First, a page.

Fictional creatures (synonyms: monsters, animals, beasts, beings, entities; mythonyms: the zarrobeast, giant cave squids, embermanders) are the living beings of a fictional setting (with the exception of plants). These creatures may be giant leviathans, alien lifeforms, blood-thirsty monsters, or adorable companions. They may possess a planet-wide civilization with an elaborate culture, or could be beasts of burden on a fantasy farm. Worldbuilders designing fictional creatures must consider their physical characteristics, any unique attributes or abilities they may possess, their typical behavior, and how these creatures fit into the larger world itself. The design of these novel animals is something many worldbuilders will need to consider at some point or another.
Designing Fictional Creatures
Often when designing new creatures worldbuilders will begin with the physical characteristics. Once the appearance of the animal is known, its’ attributes and behavior can follow. Of course, there may be reasons to develop a creature based first on some behavior and then let that dictate appearance. Ultimately where you choose to begin should stem from your own creative impulses.
- NUMBER OF APPENDAGES
- COMPOUND EYES
- EYE STALK(S)
- ARMOR PLATING
Predators tend to have forward-facing eyes, while prey animals have eyes that are wider spaced.
As designing a truly novel creature from the ground up can be both daunting and difficult, many worldbuilders will begin with an animal template in mind. They may wish to develop a creature that resembles a wolf, or a slug, and begin by tweaking those real animals into something new. Our own world is inhabited by very strange creatures, and unusual real-life creatures have served as templates for some of the most memorable creatures found in film and book.
Using pre-existing taxonomies can be a quick way to focus your efforts during creature creation. Deciding that an invented creature should be amphibian-like immediately calls to mind certain characteristics that can be incorporated in the design. While worldbuilders focusing on entirely speculative and novel worlds may wish to avoid this technique as it is not truly ‘alien’ to our world, it nonetheless can be a great place to start during creature design.
Chimeras, or hybrid beasts, are fictional creatures composed of the parts of two or more real animals. Examples of this include the sphinx, owlbears, and turtleducks. Generating novel creatures by combining elements of real ones is perhaps the oldest method of creature design and is still in great use today by current worldbuilders.
Inspiration from Mythology
Many worldbuiders draw their inspiration from pre-existing mythological creatures, cryptids, or fantasy creatures. They may then use these creatures in their own world as is, or go own to alter them in ways that make them a unique presence.
In addition to whatever their physical forms convey, creatures may also have special attributes that bestow upon them unique abilities. While some of these attributes exist on a scale, such as intelligence, some are very unusual. Consider the squid and its’ ability to squirt ink. For a fictional example of this, consider the dragon’s ability to breathe fire. These attributes are a great way to further define your created creature.
- DETACHABLE TAIL
- POISON RESISTANCE
- ACID SPITTING
- FOUL SPRAY
- RETRACTABLE CLAWS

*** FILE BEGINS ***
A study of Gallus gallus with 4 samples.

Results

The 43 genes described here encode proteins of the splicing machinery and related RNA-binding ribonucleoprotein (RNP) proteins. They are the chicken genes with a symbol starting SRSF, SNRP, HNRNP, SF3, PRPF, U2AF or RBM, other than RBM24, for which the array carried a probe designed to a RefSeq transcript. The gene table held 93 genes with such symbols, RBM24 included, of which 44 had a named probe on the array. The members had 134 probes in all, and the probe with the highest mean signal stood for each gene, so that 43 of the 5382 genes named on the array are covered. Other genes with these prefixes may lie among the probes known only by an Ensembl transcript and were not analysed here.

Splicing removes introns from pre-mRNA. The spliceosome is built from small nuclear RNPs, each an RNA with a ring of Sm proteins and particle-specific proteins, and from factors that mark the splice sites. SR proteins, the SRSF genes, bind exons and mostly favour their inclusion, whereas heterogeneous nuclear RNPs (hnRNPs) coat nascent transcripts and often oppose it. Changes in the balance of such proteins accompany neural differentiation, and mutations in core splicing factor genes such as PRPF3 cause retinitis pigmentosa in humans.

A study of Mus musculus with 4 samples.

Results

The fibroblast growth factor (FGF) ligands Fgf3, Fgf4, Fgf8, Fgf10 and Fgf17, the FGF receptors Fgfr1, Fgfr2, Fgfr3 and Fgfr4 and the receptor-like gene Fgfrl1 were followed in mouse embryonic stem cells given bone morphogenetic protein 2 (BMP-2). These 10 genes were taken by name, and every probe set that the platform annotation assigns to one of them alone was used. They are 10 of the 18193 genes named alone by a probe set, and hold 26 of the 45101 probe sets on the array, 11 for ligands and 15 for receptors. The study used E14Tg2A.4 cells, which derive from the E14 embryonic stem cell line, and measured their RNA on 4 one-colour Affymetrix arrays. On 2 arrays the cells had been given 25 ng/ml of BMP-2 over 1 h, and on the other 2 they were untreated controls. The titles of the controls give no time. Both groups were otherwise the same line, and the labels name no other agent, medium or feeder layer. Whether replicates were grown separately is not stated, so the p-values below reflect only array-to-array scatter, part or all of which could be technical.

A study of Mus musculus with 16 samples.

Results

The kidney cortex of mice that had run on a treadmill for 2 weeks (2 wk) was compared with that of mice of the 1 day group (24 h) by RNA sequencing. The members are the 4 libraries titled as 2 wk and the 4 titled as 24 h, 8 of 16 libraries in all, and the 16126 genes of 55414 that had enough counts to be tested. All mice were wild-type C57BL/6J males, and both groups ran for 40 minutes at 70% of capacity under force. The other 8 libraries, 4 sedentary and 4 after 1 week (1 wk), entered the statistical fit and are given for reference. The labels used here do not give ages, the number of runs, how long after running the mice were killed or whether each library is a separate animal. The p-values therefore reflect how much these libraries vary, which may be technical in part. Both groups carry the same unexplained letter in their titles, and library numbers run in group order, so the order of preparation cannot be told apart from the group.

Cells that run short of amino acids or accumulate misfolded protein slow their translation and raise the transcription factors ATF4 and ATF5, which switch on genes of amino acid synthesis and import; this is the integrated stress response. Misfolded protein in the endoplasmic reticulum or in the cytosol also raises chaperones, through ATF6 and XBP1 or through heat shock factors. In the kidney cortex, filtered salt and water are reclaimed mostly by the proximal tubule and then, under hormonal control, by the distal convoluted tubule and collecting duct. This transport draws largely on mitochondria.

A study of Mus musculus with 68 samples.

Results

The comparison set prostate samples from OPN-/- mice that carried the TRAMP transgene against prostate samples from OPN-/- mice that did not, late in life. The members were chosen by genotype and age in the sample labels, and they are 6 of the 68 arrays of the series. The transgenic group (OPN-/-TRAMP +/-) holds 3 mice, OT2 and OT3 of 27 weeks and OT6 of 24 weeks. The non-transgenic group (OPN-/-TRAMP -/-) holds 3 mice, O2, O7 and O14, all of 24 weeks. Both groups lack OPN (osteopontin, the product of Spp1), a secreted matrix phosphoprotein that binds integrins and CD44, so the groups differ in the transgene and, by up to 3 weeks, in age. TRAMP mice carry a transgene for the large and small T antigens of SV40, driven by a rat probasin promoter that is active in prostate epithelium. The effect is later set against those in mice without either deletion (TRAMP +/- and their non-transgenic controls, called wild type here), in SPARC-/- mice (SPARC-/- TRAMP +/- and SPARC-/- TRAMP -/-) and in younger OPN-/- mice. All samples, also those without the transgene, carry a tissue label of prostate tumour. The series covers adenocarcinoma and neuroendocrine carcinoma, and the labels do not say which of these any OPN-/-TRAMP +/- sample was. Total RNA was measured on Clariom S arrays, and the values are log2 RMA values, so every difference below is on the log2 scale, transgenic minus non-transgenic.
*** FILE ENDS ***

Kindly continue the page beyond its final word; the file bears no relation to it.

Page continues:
- COLOR CHANGE
- SECRETED TOXINS
Extreme and Fantastic Abilities
In fantastic worlds creatures can have fantastic abilities beyond the range of ‘normal’ attributes.
- ACID BLOOD
Senses are how animals receive information about the world. Creatures may have advanced senses beyond the capabilities of humans, or they may be lacking in one we take for granted. Senses such as sight, hearing, etc, exist on a spectrum, and determining to what degree a creature is able to use that sense is a question that should be answered.
- COLOR VISION
- INFRARED VISION
If your world contains a fictional element like magic, are creatures there able to sense it?
Determining a creatures’ behavior is critical for its design. Is this an animal that is solitary, is it a pack hunter, is it territorial, or is it docile and friendly? These characteristics should be considered when creating a new creature for any world.
- PACK ANIMAL
- TRAP HUNTER
- AMBUSH PREDATOR
Oftentimes worldbuilders will use behavioral templates to provide a familiar feel to novel creatures. Dragons that behave like cats, or animals that will fetch sticks and wave their tails with happiness are examples of this.
COMMON BEHAVIORAL TEMPLATES
Cries & Calls
Creatures may make noise for any number of reasons: to attract a mate, to display power, while hunting, while content, etc. These calls and cries vary not only between creature types, but also from situation to situation.
The relationship a creature has with its environment and other animals is an important facet of its’ creation.
A creature may typically inhabit a certain type of environment or biome. This could be the land, the water, the skies, the deepest cave systems, or somewhere else. The territory in which it generally resides will impact both a creatures’ physical appearance, as well as its’ behavior. Consider the interplay between these factors.
A creature that lives in the dark may not have eyes. A creature that lives in the seas will likely have fins.
Living organisms are defined by their ability to self-replicate.
Zombies are an example of ‘conversion’ replication.
Birth of Young
Think about whether your creature gives birth to live young, if it lays eggs, or if some other process is involved.
Suriname toads give birth to live young out of holes covering their backs.